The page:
The debate over privacy on the Internet got much louder yesterday when a group of privacy advocate organizations filed a complaint with the FTC over recent changes made by Facebook to user information seen by the public. Meanwhile, a class action lawsuit was filed yesterday against Netflix for breaking various privacy codes when the video rental service held a contest and released information about its users’ preferences.
Let’s take the Netflix case first — a possible path-breaking piece of litigation that has the potential to influence the Facebook debate.
The lawsuit was filed by a group of individuals lead by a Jane Doe who identifies herself only as a lesbian. In the complaint, the plaintiffs take issue with a contest that Netflix ran in October 2006 where the company offered $1 million to anybody who could come up with an algorithm to improve upon its movie recommendation engine by 10 percent. Netflix opened the contest to the public and gave participants a lot of data, including 100 million subscriber movie ratings.
A few weeks after the contest began, researchers at the University of Texas published a paper entitled, “How to Break Anonymity of the Netflix Prize Dataset,” describing a method of unmasking that compared Netflix ratings with those made on Internet Movie Database. The researchers wrote they were able to uncover political preferences and other sensitive information of its users.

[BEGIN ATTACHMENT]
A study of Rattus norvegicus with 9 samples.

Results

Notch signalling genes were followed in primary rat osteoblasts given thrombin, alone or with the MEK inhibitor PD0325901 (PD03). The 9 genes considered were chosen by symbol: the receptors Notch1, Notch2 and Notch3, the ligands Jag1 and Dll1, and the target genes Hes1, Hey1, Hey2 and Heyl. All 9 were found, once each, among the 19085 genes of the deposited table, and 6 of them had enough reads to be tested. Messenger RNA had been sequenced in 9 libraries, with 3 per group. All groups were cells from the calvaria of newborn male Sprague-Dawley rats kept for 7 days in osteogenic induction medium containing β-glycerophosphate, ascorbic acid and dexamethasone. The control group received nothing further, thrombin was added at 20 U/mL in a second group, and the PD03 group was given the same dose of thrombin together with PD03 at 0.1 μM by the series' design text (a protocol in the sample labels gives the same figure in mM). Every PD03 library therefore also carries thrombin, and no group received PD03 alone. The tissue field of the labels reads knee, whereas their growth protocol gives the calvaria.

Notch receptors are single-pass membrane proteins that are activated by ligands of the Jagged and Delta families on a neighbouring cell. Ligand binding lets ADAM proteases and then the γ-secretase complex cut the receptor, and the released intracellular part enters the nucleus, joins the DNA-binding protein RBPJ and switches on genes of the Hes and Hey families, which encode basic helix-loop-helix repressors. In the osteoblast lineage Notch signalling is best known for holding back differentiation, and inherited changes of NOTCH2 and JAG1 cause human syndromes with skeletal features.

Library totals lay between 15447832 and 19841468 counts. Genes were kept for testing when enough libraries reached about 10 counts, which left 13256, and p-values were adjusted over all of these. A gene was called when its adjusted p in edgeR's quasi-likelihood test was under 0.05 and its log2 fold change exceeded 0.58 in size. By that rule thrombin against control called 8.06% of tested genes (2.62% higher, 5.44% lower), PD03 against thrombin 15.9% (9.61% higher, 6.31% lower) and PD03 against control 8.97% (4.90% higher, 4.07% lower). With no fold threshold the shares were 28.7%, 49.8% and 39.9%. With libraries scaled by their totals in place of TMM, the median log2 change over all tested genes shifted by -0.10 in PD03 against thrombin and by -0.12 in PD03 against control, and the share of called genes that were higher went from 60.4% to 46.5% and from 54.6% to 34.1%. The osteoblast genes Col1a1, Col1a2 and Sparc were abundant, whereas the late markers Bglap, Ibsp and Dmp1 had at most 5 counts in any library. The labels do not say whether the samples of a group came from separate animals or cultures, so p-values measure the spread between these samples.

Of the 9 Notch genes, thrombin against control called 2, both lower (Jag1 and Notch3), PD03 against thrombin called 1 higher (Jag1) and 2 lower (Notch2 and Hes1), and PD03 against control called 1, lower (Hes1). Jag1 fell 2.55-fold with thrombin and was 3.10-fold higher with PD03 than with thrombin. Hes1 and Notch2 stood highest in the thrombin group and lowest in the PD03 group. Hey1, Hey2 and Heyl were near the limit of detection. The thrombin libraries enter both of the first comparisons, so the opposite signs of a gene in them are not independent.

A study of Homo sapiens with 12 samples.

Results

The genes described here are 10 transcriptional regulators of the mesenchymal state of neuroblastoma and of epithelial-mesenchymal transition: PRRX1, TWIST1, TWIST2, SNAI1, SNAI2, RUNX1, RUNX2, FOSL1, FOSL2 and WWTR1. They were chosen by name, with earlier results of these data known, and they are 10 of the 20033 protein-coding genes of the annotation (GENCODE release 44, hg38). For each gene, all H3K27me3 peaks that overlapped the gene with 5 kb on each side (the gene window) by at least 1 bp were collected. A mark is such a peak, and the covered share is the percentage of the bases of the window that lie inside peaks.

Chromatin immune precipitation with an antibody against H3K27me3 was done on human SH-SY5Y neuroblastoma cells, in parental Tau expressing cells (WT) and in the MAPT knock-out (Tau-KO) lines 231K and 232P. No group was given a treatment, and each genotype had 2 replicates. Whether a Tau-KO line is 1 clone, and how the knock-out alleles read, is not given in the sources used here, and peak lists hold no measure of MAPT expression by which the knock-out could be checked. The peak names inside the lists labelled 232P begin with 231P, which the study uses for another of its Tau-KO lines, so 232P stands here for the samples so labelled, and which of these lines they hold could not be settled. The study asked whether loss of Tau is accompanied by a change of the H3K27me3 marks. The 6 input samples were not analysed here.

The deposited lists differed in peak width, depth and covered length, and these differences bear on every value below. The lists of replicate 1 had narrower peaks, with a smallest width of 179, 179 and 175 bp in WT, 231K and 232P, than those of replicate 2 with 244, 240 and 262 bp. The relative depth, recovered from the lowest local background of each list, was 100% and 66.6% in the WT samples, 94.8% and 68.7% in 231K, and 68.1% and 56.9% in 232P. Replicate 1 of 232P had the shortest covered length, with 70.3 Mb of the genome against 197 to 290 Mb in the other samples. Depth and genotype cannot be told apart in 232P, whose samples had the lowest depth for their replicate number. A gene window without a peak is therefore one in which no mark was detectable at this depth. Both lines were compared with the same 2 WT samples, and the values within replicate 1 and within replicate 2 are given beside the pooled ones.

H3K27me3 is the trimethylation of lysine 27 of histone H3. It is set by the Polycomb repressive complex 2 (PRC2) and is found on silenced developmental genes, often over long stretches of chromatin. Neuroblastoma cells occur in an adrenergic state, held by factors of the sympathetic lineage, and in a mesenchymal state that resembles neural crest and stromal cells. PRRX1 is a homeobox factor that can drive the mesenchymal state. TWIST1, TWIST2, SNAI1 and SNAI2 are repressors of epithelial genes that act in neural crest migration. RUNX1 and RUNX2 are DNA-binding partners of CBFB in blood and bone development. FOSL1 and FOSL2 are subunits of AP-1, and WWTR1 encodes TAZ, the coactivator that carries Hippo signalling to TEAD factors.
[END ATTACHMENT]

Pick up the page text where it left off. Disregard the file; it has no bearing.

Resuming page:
The plaintiffs call this the “Brokeback Mountain Factor,” referring to an idea that anybody who has the movie in their queue is more likely to be homosexual. (Last year, we wrote a cover article for Psychology Today describing how scientists were using taste preferences to glean revealing information about individuals.)
The same day this lawsuit was filed, the FTC got a complaint over recent changes made by Facebook that has opened up to the public user information including names, friends and fan pages. The filing includes quotes by aggrieved users but is somewhat short on real examples of the damage potentially caused to Facebook’s users.
We’re guessing that some will soon connect the dots here and push the FTC to recognize threats of data mining in the alleged privacy breach.